I think it is time that I actually got down to work and filled in some spaces in this blog. My intentions have been good but life and summer fun kept getting in the way of me keeping this thing updated.
It has been a summer of some cycling firsts though. Not that I set my bar very high compared to others, but to rundown:
- most km ground out by the end of August – 4500 km;
- first Gran Fondo completed – the Gran Fondo Highwood Pass, a 135 km ride up and back down (thankfully) the highest paved road in Canada (summit at 2206 metres);
- first real century ride – 166 km (103 miles) route in the Tour de l’Alberta;
- volunteer “hydration staff” at all 6 stages of the Tour of Alberta, a UCI 2.1 stage race – the highest ranked professional road cycling stage race in Canada.
Besides my usual riding around St. Albert, I also cycled in Edmonton, Canmore, Banff, Kananaskis country, Red Deer, Sturgeon county, Strathcona county, and Fort Saskatchewan – mostly with the cycling group in our ski club and Edmonton Bicycle and Touring Club (EBTC).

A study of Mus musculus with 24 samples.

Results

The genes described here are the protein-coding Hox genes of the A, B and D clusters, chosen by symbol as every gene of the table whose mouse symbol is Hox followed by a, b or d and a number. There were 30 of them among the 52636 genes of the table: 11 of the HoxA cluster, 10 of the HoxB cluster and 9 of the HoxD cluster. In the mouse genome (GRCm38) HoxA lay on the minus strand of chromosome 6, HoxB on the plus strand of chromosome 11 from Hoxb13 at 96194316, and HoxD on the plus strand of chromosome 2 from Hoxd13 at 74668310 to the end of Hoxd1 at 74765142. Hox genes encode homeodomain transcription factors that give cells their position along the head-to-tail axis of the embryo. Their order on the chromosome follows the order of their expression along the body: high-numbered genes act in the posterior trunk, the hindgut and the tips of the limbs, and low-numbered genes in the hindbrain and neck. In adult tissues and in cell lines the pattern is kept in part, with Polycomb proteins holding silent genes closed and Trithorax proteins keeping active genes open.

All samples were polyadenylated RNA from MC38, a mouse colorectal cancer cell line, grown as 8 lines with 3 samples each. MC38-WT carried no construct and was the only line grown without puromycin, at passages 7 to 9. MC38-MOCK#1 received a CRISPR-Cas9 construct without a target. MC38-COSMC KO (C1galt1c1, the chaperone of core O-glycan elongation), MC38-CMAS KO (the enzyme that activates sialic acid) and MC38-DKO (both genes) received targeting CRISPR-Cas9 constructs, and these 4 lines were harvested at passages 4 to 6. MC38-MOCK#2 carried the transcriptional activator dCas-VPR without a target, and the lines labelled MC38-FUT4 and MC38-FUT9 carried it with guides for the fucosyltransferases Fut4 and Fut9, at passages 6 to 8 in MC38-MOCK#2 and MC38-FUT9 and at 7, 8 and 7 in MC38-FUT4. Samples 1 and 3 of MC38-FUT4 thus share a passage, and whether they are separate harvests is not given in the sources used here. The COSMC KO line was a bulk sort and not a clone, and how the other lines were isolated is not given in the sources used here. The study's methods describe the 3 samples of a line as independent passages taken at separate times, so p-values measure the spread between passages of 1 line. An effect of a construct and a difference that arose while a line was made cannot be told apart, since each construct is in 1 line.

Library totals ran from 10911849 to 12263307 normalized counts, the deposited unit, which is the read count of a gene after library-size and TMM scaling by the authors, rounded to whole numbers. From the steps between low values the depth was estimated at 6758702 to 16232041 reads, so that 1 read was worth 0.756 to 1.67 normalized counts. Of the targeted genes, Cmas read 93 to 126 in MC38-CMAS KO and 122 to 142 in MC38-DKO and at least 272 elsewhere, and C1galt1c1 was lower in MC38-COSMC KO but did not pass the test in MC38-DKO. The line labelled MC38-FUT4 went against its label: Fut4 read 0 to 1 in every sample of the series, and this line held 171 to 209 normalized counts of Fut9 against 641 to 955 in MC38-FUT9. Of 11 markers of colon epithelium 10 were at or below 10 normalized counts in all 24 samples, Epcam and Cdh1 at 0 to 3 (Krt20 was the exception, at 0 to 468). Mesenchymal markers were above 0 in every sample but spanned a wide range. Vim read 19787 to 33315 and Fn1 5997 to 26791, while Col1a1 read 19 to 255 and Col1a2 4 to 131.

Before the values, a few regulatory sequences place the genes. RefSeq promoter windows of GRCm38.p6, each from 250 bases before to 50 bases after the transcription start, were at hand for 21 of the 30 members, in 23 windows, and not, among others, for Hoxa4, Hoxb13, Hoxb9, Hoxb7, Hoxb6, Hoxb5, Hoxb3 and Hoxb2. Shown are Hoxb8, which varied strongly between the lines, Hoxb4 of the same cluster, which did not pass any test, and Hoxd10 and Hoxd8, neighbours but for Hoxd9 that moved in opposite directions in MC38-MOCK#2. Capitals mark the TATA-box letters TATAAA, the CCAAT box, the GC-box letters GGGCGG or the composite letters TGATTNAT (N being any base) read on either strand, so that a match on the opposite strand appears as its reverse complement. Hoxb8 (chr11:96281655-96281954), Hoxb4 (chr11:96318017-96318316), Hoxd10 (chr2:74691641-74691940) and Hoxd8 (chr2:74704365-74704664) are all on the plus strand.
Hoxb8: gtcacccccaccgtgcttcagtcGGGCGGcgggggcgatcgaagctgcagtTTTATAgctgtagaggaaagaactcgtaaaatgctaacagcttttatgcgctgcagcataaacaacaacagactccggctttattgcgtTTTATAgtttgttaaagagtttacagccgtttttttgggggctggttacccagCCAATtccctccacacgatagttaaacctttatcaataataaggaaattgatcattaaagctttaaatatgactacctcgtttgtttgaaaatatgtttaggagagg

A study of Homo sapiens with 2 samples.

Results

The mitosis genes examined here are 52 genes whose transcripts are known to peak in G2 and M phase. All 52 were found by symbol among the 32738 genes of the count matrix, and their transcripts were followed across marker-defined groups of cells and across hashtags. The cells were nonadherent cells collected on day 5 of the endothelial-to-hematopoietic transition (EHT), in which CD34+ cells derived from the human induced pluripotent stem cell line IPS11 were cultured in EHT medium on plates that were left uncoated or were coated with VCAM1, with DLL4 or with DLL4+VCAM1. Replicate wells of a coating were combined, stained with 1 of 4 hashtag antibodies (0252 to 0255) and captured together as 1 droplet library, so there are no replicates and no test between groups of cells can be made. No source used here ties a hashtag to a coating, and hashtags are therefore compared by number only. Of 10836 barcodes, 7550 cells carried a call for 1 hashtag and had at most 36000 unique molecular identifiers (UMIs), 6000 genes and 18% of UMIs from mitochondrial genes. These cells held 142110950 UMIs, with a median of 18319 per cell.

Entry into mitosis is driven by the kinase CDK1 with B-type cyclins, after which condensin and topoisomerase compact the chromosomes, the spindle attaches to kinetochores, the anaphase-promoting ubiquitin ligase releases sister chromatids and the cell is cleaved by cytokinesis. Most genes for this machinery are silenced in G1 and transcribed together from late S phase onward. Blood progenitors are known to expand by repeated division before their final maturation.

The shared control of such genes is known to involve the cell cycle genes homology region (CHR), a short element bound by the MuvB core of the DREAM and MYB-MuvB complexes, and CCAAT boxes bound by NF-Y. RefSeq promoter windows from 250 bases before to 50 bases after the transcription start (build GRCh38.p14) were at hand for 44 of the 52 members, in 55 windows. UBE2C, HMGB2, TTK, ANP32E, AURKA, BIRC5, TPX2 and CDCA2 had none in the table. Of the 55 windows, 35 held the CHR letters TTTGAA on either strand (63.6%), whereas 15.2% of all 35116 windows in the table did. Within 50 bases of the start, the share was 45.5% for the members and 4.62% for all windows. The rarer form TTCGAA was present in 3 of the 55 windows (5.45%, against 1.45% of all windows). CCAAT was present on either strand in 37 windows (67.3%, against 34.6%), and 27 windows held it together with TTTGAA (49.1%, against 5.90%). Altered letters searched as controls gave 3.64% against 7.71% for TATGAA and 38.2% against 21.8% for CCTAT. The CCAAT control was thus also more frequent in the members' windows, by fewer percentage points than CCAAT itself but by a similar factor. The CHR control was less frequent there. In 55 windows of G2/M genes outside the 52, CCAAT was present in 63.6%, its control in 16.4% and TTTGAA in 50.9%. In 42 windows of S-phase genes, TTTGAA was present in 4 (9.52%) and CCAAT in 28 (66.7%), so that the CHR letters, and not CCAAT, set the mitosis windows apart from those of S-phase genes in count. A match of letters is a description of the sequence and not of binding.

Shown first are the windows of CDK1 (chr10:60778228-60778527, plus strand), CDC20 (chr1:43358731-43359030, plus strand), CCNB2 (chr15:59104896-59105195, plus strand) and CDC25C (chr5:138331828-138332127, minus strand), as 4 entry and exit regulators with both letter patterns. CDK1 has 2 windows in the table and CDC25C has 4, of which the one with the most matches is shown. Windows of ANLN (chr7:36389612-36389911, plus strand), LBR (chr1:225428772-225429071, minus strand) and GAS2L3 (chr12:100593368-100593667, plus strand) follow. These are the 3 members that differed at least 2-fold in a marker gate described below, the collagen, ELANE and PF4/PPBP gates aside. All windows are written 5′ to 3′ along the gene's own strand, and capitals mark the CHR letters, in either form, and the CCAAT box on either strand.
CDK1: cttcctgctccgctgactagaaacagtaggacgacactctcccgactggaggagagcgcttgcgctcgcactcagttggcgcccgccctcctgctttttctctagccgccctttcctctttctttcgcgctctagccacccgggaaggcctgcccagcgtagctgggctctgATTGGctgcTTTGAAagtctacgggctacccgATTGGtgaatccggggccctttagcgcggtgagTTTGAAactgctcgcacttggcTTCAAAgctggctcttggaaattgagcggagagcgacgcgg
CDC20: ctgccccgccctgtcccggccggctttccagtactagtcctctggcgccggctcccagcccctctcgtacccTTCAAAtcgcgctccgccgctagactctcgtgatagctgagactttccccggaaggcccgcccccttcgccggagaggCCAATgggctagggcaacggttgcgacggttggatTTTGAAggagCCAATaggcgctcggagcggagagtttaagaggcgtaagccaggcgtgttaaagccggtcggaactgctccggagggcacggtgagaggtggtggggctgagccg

Alberta has pretty much been in a drought all summer, which is bad for farmers and forest fires but great for cyclists. The minimal snowpack from last winter and sunny and warm days starting in March, meant that the roads and trails were ice free early. My first ride on the hybrid was on March 14th and I was able to get the road bike out by April 9th once the grit had been removed from most of the roads.
I take pictures at the same locations over the biking season to follow the progression of winter retreat, the slow emergence of spring greenery, the fullness of summer and the inexorable march into fall. The following pictures show this progression, month by month, on one of my favourite trails in St. Albert:
The lack of snowpack has resulted in abnormally low water levels throughout the province, including the Sturgeon River which passes through St. Albert. The flooding of the Red Willow trail underpasses, a common occurrence most springs, sometimes to the point of sandbagging low lying buildings, didn’t occur this year. The river has shrunk considerably in width and depth over the summer, becoming barely more than a trickle in some places and the torpid flow has promoted considerable algal growth. I’ve seen lots of herons this year though, with a lot more shallows for them to fish in.
The receding water level in Big Lake can be seen in the following photos, using the guy wires from a power pole as reference:
We have had a little more rain in September so far but not enough to raise water levels. I’ll be gone for most of October, cycling in Italy and Slovenia, so it will be interesting to see if there will be any change by the time I get back. Perhaps snow.